Habitat of the Union Jack Butterfly

By Lauren Corona

The Union Jack butterfly (Delias mysis) is named after the British flag, presumably due to its similar coloration. Also known as the red-banded Jezebel, this member of the taxonomic family Pieridae has a specific habitat in which it prefers to live -- mostly in tropical rainforests.

Geographical Range

Union Jack butterflies are endemic to Australia and parts of its surrounding islands, such as Indonesia, Papua New Guinea and Japan. However, they're most common in Australia, where they can be found in coastal wet tropics of Queensland -- from Mackay to the tip of Cape York -- as well as in a small area at the top of the Northern Territory.

Habitat

Preferring to live in warm, tropical areas, Union Jack butterflies survive mostly in swampland, mangroves and rainforests. They can be found at a range of altitudes, anywhere between sea level and elevations of 7,874 feet. As such, you might see them at the tree canopy level, although they also look for food closer to the ground.

Feeding

Adult Union Jack butterflies are staunch nectar-eaters, which they extract from a range of tropical flowers. The larvae -- or caterpillars -- of the species have a more specialized diet. They can only eat the leaves of the mistletoe plant, so female butterflies make sure to lay their eggs only on this kind of vegetation. The caterpillars will feed on the leaves, growing ever bigger, until it's time for them to pupate.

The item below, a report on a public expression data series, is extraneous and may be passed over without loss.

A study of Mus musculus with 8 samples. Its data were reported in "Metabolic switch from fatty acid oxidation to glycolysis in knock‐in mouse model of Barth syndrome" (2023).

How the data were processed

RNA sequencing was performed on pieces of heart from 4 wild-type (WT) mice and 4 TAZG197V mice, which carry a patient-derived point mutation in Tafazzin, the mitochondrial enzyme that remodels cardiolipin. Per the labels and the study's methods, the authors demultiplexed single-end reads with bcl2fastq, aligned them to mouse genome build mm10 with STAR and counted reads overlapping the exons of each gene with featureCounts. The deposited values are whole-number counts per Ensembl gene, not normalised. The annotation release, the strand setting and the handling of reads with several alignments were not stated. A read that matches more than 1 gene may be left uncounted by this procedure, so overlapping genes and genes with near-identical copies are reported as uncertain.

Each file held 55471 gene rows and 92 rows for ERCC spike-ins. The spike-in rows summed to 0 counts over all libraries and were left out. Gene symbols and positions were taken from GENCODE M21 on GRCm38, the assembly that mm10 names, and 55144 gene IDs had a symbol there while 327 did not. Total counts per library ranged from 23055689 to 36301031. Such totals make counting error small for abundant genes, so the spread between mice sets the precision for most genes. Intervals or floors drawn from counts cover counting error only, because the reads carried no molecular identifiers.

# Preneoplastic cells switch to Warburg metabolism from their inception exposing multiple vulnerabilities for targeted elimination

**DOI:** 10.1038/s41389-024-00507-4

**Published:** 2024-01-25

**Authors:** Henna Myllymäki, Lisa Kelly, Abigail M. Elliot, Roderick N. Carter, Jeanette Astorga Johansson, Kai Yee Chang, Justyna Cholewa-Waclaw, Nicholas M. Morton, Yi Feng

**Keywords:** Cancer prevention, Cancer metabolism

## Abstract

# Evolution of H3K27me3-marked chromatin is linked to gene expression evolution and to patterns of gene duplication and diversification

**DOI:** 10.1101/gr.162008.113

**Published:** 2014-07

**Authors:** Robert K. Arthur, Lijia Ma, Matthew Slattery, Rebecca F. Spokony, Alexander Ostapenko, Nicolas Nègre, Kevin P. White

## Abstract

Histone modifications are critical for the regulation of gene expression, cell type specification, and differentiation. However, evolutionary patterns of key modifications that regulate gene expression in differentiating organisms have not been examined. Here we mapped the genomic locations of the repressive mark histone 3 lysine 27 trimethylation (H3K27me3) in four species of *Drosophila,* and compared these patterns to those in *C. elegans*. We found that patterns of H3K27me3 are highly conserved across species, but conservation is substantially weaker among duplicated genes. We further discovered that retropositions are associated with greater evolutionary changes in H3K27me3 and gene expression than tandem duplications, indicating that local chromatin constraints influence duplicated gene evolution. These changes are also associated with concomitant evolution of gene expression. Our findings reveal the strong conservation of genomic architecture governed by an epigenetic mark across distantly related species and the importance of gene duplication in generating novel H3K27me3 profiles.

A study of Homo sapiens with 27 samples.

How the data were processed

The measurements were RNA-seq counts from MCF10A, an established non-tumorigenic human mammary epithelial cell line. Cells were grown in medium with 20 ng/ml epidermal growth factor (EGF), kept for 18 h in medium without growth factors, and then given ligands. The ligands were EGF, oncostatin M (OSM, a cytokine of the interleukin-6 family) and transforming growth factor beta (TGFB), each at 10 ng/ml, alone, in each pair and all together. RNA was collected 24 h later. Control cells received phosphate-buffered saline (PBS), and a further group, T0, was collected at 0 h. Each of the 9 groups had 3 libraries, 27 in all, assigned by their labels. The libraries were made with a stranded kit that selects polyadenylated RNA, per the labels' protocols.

Appearance

Union Jack butterflies' bright coloration makes them fairly easy to identify. The topsides of their wings are slightly drab -- mostly white, with a black border around the edges -- but the undersides are more remarkable. They're red, black, yellow and white, in a striped pattern. They have wingspans of a bit more than 2 inches.